I’m not exactly sure how long it’s been since Ethan destroyed the TV by throwing a glass cup at it. I can say, though, I’m so glad he did.
Sure, I wasn’t stoked about it when it initially happened. I was quite attached to it. I loved sitting down to watch a show while folding laundry… or just to SIT and not have to think so much. And… I mean, it was EXPENSIVE! But, like a lot of parents now-a-days, we (mostly me) were using our TV to help babysit our little guy while we got things done around the house. It’s not so bad if it’s done from time to time. But we abused it and we paid heavily for that abuse. Not even by the TV being broken, that’s just a thing, but by missing valuable time with our son that I didn’t even realize we were missing out on. We were missing out on the opportunity to build a healthy, well-balanced relationship with our son.
Pre broken TV Ethan was throwing tantrums (hence glass being thrown at said TV, destroying it), started showing symptoms of ADD/ADHD, would refuse to go out to play, and rarely played with his toys. We didn’t realize until after it was gone, how much we depended on it; how much it was taking over our lives.
I see posts on Facebook and articles about how we should be limiting our children’s screen time to no more than one hour per day, even less if you can manage. It’s crazy to me that the proof was always right in front of my face; screaming at me. (Literally Ethan would SCREAM at me!) I’m not sure what made me ignore it for so long. Maybe I was in denial. Maybe I just wanted to feel like I had some time to be me… whatever the reason I’m so glad that my son flipped out on our TV and it’s gone. It’s a big lesson for Nate and I as parents. We learned quickly after not having a TV that there are SO many things to do besides watch TV when we are looking for something to do. (Winter can get boring if it’s too cold to go sledding!) We quickly began playing more board games, teaching Ethan card games, having Ethan help clean around the house more, giving him more responsibilities, learning more, talking more, reading more, etc. It’s been amazing what we’ve accomplished without a TV in our home. It was our one and only, so now if Nate and I want to sit and watch a show when Ethan goes to bed we get to look at a tiny computer screen. I’m not complaining. Our son is way more calm and able to communicate his emotions. If we’ve given him too much screen time, he actually tells us, “I’ve had too much technology!” It’s incredible.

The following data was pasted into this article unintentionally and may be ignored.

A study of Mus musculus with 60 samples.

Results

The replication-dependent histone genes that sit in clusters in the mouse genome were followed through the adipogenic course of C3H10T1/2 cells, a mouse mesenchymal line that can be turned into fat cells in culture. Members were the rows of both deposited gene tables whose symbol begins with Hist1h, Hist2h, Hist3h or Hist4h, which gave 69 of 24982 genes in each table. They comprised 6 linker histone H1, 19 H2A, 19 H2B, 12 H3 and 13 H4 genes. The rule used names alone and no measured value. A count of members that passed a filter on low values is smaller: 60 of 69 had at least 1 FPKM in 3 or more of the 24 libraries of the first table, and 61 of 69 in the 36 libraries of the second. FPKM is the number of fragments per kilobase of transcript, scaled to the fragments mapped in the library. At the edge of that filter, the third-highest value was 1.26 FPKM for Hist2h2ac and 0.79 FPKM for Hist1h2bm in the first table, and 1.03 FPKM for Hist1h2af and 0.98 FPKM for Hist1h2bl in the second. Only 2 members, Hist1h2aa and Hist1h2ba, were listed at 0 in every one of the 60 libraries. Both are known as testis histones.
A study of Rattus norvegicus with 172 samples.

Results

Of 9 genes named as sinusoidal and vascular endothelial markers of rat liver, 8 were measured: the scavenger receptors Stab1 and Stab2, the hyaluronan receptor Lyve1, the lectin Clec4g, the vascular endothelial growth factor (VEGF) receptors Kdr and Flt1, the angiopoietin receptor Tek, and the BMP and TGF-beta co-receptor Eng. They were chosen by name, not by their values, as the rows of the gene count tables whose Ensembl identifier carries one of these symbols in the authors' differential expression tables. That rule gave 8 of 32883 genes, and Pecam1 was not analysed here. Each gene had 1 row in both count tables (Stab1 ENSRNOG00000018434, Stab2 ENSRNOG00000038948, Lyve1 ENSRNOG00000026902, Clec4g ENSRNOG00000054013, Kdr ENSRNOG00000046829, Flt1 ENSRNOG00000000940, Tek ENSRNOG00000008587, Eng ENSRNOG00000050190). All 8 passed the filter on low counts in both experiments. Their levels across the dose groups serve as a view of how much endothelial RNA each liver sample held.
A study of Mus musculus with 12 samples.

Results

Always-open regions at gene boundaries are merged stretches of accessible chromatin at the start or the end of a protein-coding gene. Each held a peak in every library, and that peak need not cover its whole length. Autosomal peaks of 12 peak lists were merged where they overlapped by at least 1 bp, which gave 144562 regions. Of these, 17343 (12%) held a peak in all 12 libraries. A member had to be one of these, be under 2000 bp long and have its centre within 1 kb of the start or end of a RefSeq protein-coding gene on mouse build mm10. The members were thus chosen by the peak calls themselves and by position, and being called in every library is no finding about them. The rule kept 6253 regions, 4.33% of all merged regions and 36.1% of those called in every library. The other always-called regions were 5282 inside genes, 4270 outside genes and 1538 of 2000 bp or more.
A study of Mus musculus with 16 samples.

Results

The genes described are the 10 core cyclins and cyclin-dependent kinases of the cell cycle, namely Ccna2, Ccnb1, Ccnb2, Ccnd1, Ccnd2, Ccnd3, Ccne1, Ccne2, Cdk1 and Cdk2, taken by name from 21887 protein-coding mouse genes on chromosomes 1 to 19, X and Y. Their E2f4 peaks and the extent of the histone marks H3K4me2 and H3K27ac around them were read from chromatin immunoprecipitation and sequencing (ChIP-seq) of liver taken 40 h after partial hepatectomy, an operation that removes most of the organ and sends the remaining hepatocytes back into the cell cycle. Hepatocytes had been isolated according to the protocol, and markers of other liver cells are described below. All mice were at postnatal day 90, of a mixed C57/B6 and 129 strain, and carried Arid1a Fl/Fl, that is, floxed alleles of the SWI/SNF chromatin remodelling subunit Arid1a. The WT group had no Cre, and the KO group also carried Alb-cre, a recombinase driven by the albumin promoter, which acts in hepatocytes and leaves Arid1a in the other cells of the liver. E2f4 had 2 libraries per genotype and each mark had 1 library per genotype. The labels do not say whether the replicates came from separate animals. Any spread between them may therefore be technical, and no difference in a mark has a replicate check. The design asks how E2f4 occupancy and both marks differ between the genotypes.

When friends and family started to hear about the dead TV I had a lot of them ask me if I wanted one of their old sets to replace it. They are wonderfully sweet, but we’ve decided that it wouldn’t be a good idea to jump into getting another TV right away. What example does that set? Also, we are happier without it. I can’t imagine going back now. Maybe when he’s much older…or never. I’m not even sure what I need it for anymore. Ethan’s happier. He feels lighter and full of life. He goes outside to play now (even though he HATES the heat…but even during winter he insists). He’s more independent and values play time with his action figures. He’s really turned around with the ADD/ADHD symptoms (maybe before we start giving our children drugs we should evaluate how much screen time they are getting?!…just a thought), and I can feel joy coming from him. It’s just so obvious that his mental health has dramatically improved…and hey! so has mine!
Now that we have less screen time we are finding many more opportunities that have nothing to do with screens. Play-doh ( I have an excellent recipe I should share soon!), painting, writing, goofing around with boggle, going hunting for bugs, playing outside with toys instead of inside (outside helps a lot with getting rid of that screen time itch), and crafts! ALL THE CRAFTS!
He still has screen time, and sometimes we mess it up by letting him have too much, but mostly we are doing great by setting his limits and having expectations before he is allowed screen time. For example: every morning we have School With Mom. We do a lesson from our reading book (Teach Your Child to Read in 100 Easy Lessons by Siegfried Engelmann), do a worksheet (math, cut and paste, etc), write his name, address, and work on other letters, and talk about the days of the week. After his lesson he goes straight to his Nintendo Switch and is allowed to play for half an hour. After that half an hour is up he turns the game off right away and that’s that. He looks forward to his lesson because he knows the reward will be there right away. There’s nothing wrong with screens, technology, gaming, etc. The only issue is the amount of time we allow our children to stare at a screen. Well, it was definitely our issue anyway.
It was a hard, and sometimes painful, lesson to learn but I’m blessed to have figured it out now. I’m so glad Ethan threw a fit and smashed our TV with a glass cup. It’s changed our lives for forever and I don’t plan on going back. In the words of the Dixie Chicks…EARL had to DIE! Na nanananaaaaa GOODBYE EARL!
I wouldn’t recommend busting up your TV sets just so they are gone, but I would recommend unplugging that bad boy for a while and seeing what blessing may unfold from not having it for a while. Maybe you find a way to reconnect with your little one. Maybe you just find more time; time you didn’t know you already had available to you because you were (or your child was) glued to the TV. I promise it’s worth every bit.
The days are long, but the years are short.